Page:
I've started training the elementary teachers, largely in our email and student information systems. Nothing sophisticated, but since these folks have largely been ignored for years in terms of computer training and professional development, baby steps seem like a good idea.
Overall, the training has gone very well and the teachers are making a fairly rapid switch to the new systems. Most are submitting their attendance online, checking and using email regularly with parents and staff, etc. Now that the initial "get into your email" sessions are over, though, it's time for some differentiated instruction, just like they do in their own classes.
We have several teachers who are ready to implement standards-based report cards and keep their gradebooks in our SIS. Others are ready to open up the gradebooks to parents and start seriously interacting with students through its portal. Others need to access special education data or want to create class mailing lists and start sending out assignments electronically. A large group, though, still just aren't too sure about this email thing.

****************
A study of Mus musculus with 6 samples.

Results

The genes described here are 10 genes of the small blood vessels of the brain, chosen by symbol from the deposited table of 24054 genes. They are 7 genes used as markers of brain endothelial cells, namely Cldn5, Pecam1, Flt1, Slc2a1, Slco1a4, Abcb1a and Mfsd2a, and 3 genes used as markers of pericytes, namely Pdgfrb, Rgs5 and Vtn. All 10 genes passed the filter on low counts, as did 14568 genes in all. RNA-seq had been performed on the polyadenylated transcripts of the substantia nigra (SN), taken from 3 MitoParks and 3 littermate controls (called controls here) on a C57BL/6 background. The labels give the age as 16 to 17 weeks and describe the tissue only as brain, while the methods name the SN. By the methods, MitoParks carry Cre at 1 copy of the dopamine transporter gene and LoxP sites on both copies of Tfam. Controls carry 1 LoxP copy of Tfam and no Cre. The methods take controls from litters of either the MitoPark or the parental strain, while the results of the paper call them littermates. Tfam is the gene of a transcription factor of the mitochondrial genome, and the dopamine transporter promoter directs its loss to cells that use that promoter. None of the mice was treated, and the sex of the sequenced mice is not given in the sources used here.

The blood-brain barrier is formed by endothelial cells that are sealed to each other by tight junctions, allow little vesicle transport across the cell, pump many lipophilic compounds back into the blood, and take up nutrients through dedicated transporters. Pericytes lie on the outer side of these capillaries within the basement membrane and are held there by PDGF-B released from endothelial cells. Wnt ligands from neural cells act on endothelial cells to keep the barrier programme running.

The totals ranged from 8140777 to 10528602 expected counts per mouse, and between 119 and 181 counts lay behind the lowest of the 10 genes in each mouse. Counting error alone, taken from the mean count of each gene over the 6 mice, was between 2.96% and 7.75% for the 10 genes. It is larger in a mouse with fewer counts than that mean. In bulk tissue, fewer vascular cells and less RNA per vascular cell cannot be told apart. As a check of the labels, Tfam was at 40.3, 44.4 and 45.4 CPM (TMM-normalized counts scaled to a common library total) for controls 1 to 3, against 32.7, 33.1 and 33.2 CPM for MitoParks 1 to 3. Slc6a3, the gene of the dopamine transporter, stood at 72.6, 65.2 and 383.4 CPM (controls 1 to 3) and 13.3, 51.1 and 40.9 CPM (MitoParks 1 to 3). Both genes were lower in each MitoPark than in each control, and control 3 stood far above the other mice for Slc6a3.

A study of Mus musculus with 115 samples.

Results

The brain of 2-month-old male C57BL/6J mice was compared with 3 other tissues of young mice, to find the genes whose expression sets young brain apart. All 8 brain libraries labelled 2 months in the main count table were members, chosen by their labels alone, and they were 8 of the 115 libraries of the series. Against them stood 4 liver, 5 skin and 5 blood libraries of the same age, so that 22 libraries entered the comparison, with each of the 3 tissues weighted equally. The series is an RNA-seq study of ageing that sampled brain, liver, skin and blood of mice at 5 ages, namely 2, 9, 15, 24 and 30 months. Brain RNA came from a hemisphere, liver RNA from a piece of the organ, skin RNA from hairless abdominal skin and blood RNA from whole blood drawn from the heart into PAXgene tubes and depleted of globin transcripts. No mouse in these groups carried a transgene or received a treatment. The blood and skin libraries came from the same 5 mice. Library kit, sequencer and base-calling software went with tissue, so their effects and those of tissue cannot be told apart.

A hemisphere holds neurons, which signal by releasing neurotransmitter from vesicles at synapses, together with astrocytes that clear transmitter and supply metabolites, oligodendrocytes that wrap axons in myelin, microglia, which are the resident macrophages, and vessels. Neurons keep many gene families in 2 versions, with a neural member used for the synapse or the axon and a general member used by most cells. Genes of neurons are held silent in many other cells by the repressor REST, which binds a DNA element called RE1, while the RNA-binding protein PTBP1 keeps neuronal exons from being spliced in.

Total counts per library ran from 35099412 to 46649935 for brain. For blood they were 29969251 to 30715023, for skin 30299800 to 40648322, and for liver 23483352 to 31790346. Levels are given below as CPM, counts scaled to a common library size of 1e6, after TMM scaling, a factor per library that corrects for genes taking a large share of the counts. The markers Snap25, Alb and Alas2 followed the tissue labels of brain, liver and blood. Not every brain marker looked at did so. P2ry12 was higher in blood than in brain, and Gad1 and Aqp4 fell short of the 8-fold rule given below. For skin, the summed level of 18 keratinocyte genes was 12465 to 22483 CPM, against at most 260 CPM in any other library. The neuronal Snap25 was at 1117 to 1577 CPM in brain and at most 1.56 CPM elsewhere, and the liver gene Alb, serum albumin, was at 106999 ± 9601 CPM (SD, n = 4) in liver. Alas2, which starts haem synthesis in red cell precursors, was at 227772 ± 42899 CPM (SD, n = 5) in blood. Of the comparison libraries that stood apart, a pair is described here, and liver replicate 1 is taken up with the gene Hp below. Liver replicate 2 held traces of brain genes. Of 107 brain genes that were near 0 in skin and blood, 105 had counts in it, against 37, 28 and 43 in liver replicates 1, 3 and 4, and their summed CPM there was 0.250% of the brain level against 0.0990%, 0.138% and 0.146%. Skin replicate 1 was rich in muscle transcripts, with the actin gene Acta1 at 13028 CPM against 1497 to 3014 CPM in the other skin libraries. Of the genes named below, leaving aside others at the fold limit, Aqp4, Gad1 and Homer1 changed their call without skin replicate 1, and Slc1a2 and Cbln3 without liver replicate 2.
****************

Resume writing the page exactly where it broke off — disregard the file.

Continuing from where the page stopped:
Some need instruction on security, netiquette, or even the difference between an email address and a website. Some confused their SIS passwords and usernames with email passwords and usernames. This isn't a criticism; unfortunately, so much of what we take for granted is not knowledge with which the average elementary teacher was born 50 years ago. One teacher commented in a survey about professional development needs:
Forget about the topic. We need to have the teachers who use technology in this district teach those who do not. To often techies talk above the people...who know little about technology...Let those of us who [are] fully plugged in and yet do not do techie-speak teach the less fortunate.
Well put...guess who'll be doing the next round of training?